Topic: 2023-Climate Change and Public Health
Delegate Name: Macie Minor
Williamston High School
Republic of Ghana
World Health Organization
Climate Change and Public Health
In this day and age, there is one issue that rises above all, so terrible that it unites even the closest of enemies: global warming. Now, some countries merely have to lessen their carbon emissions and adjust their use of fossil fuels, but the Republic of Ghana is in a far more dire position. Situated next to the Gulf of Guinea, Ghana’s economy is heavily based on its environment through imports and exports. Already sitting on an unsound economy, Ghana is a slip up away from a nationwide catastrophe. With over 21% of Ghanaian economy dependent on agriculture, and another 29% dependent on exports and imports of goods such as cocoa. If climate change goes unchecked, Ghana will be a country that will greatly suffer socially, politically, and economically.
The Republic of Ghana has already made efforts into addressing climate change by signing the Paris Agreement, working with the UNFCCC, and passing around forty-seven environmental actions. It’s predicted that by 2080, the sea level around Ghana will rise by 40 centimeters (15.748 inches), ruining any kind of coastal city livelihoods. It is also predicted that Ghana will lose 70% of food and clean water sources. The Republic of Ghana has suffered immensely from effects caused by climate change; erosion, decimation of resources, and the sinking of literal villages will increase. Due to the environment suffering, the rates of violence and crimes within Ghana have increased. Spanning from a long history of complex politics, Ghanaian farmers and miners incomes are threatened by incoming policies. Due to certain mines containing dangerous levels of raw mercury and farmers’ lands being ruined, tensions have risen. Localized conflicts are what is fueling the fire of nation-wide violence. From goals as expressed by the Ghanaian president, shifting society towards a route of a low carbon society and greater health is what Ghana is trying to reach. It is difficult to say the least. Farmers and herders have already lost substantial portions of land and animals from the lack of usable land due to inconsistent rainfall.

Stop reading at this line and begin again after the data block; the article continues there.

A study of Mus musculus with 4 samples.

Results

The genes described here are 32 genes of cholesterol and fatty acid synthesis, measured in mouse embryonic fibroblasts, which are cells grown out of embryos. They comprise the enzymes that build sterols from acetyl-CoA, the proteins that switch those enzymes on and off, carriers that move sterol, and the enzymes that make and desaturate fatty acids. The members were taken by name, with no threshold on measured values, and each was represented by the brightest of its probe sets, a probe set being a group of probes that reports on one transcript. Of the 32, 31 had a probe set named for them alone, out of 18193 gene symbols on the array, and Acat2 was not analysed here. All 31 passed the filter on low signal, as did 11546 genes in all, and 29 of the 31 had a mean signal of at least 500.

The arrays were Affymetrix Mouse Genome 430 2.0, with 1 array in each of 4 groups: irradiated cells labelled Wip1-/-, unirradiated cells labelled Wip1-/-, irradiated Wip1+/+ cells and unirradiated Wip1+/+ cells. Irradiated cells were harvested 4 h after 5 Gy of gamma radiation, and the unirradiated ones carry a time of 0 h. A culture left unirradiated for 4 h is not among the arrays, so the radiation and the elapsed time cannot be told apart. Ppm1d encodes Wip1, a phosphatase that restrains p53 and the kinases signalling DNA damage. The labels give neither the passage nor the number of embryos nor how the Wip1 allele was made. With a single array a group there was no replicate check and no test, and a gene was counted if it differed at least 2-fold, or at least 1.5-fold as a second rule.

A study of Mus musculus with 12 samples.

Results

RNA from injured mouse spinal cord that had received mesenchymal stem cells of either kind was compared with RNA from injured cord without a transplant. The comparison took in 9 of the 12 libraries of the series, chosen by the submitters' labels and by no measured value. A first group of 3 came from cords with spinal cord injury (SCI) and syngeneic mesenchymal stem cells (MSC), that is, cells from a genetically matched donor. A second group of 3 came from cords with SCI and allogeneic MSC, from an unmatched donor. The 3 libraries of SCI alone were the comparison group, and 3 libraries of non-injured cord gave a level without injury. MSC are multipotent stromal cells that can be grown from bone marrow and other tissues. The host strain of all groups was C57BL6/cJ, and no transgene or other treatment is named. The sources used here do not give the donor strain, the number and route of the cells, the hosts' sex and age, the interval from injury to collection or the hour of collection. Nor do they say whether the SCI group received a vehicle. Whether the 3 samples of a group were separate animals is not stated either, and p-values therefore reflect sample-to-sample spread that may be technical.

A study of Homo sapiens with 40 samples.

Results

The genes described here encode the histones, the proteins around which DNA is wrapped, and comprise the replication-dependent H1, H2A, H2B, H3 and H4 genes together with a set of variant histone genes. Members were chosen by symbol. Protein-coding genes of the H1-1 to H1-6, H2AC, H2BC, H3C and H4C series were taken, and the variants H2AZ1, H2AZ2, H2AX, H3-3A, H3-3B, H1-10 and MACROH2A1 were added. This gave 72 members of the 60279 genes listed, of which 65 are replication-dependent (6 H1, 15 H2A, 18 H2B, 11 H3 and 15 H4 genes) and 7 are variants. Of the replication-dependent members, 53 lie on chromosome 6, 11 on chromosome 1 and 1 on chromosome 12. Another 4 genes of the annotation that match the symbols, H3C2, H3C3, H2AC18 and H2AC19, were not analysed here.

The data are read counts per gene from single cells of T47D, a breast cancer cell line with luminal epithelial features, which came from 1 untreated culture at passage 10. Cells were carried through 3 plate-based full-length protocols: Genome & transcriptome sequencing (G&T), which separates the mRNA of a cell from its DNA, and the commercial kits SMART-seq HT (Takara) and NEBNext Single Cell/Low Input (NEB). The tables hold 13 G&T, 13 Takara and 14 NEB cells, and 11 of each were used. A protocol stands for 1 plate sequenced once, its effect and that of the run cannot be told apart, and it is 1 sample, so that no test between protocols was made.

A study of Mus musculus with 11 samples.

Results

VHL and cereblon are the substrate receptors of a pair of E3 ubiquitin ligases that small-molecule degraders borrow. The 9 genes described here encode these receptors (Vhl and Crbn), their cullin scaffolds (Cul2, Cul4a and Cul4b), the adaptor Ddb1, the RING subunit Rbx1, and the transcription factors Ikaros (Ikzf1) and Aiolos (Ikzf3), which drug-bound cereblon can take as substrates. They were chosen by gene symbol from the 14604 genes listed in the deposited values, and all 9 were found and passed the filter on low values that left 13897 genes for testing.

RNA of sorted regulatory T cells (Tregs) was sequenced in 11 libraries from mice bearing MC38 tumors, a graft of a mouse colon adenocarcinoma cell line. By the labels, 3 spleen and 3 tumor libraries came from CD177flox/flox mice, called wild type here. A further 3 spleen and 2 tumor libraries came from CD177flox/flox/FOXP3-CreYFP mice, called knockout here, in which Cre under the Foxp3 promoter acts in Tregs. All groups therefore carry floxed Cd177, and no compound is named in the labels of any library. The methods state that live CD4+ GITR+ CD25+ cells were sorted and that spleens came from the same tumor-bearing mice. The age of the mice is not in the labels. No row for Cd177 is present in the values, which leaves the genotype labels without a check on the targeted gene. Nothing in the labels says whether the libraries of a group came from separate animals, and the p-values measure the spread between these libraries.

The Republic of Ghana is looking for assistance. As much as the government is trying its best to adapt and seamlessly shift over to a greener society, the Ghanaian economy cannot handle it, on its own. The need for help rises every day, due to global warming Ghana no longer experiences its usual rainfall which crops are dependent on, and builds tension which leads to nationwide violence. Campaigns have already been put into action, but they are still too small and improperly funded, there’s not much that can be done. Without the help from other countries, by the end of the century Ghana could experience a mass starvation, resource depletion, and countrywide endangerment.
BBC. “Ghana Country Profile.” BBC News, 1 May 2018, www.bbc.com/news/world-africa-13433790.
Strouboulis, Anastasia, et al. “Conflict Prevention, Climate Change, and Why Ghana Matters Now.” Www.csis.org, Mar. 2023, www.csis.org/analysis/conflict-prevention-climate-change-and-why-ghana-matters-now.